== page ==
Crossbows on African Safari – TenPoint, Mission, Excalibur, and Gearhead face a gauntlet of hunting challenge.  Here’s how they performed.

By Joe Byers- The Crossbow Guy

An African safari is a grueling test for a crossbow.  It must endure 20 or more hours of constant vibration in the hold of an airplane, jiggling that attempts to loosen every screw and attachment.  Next, who knows what torchers anti-hunting baggage carriers will inflict.  Once in Africa, the bow and scope deal with clouds of dust that chafe moving parts like sandpaper.  Finally, there are very few archery dealers in Africa.  If something breaks… you are screwed!

TenPoint 505 My personal choice for the 2022 safari was the fastest production crossbow in the USA.  Although the advertised launch speed is 505, mine tested at 512, a blistering speed that delivers arrows in a flash, literally with a lighted nock.  To my mind, TenPoint Acuslide is the best cocking and releasing systems in the industry.  The bow cocks with a crank that nests into the handle so you can’t forget it and un-cocks with the push of a button, allowing for an easy release of tension at the end of the hunt.  You cock the bow on “fire”, and you know that it’s fully cocked when you hear the safety click on.  

The Nitro 505 comes with two rangefinding scopes, Burris and Garmin, but I stayed with the standard scope which is the best I’ve tested.  It’s tactical-style turrets adjust easily with no tools needed.  The scope is bright, speed adjustable to accommodate heavier arrows, and has an illuminated reticle in red or green.

A Powerful Punch

The 505 delivers arrows with more than 225 ft-pounds of kinetic energy which means they penetrate extremely well.  In that famous line from “Jaws,” “You are gonna need a bigger target.”  

Fortunately, I took a Morrell Back-to-Back target, and it was an arrow saver.  The outfitter had several targets that were functional for compound bows, but not the deep penetration of the 505.

 As an example, I shot with a fellow hunter using a Cape buffalo set-up with 75-pound draw, 850-grain arrows and a razor sharp broadhead designed for deep penetration on Black Death.  We shot the same target at 30 yards and the 505 doubled his rigs penetration.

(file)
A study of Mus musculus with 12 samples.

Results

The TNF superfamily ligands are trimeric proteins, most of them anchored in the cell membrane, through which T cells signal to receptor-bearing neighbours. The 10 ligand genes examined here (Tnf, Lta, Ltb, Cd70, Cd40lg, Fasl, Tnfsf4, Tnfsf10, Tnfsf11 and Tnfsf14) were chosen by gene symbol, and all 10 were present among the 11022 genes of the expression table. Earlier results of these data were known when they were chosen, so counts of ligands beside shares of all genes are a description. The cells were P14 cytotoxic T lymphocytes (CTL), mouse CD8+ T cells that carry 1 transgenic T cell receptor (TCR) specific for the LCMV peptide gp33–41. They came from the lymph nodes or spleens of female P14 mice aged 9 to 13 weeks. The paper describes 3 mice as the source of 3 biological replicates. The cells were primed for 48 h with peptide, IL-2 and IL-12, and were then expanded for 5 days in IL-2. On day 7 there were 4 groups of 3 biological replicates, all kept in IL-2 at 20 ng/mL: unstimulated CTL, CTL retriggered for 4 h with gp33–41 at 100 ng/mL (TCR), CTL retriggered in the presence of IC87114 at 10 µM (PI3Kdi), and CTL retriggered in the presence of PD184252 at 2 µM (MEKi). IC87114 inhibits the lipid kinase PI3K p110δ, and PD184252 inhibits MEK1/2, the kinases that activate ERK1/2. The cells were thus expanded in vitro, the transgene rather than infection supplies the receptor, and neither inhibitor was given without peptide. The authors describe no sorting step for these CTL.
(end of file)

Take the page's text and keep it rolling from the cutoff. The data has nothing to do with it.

First Shot

We arrived in camp at midnight so our first morning was coffee, a light breakfast, and checking scopes for zeros.  Despite 20 hours in airplanes and 4 hours of road travel, my scope moved just three clicks.  I also experimented with a Final Rest clasping tripod which greatly enhanced accuracy while shooting from the standing position.  After two arrows, I was exactly on target and by shooting the Morrell target endwise, I ruined no arrows in practice.  

The first challenge to accuracy and performance came on a baboon, of all creatures.  These crop-robbing pests are prolific and fooling the alfa male is very difficult.  Normally, they spot the tiniest of movement and are much more wary than plains game animals.  However, one paused at 40 yards, offering a broadside shot and I zapped it through both shoulders.  The monster monkey went down in seconds and the Sevr Robust did its job.

The next day, a mature impala ram gave me an opportunity at 25 yards.  Although I’ve hunted in Africa more than 25 times, I still get excited and aimed with my 20-yard reticle.  Thanks to the extreme speed of the 505, that mental error did not cause a problem and the miniscule difference in drop delivered a lethal shot.

The Case for a Case

I test crossbows regularly and have no problem mixing brands with soft bow cases.  As a natural born cheap-skate I use what ever gets the job done.  However, I paid the $150 for the 505 and it was a wise investment.  Often the bow was stacked in the back of a UTV where it received constant jostling and would have been immersed in dust without the case.  It looks great and fits the profile of the 505 without bulk and the enclosed back-pack straps are ideal for hiking into the back country.

In summary, the 505 is one bad-ass crossbow that delivers speed and impact as advertised.  Rassie Erasmus of Louwlardus Safaris was our outfitter and when handling the bow, said “I need a bow like this for my Cape buffalo hunts.”  A crossbow capable of downing “Black Death” is the ultimate compliment.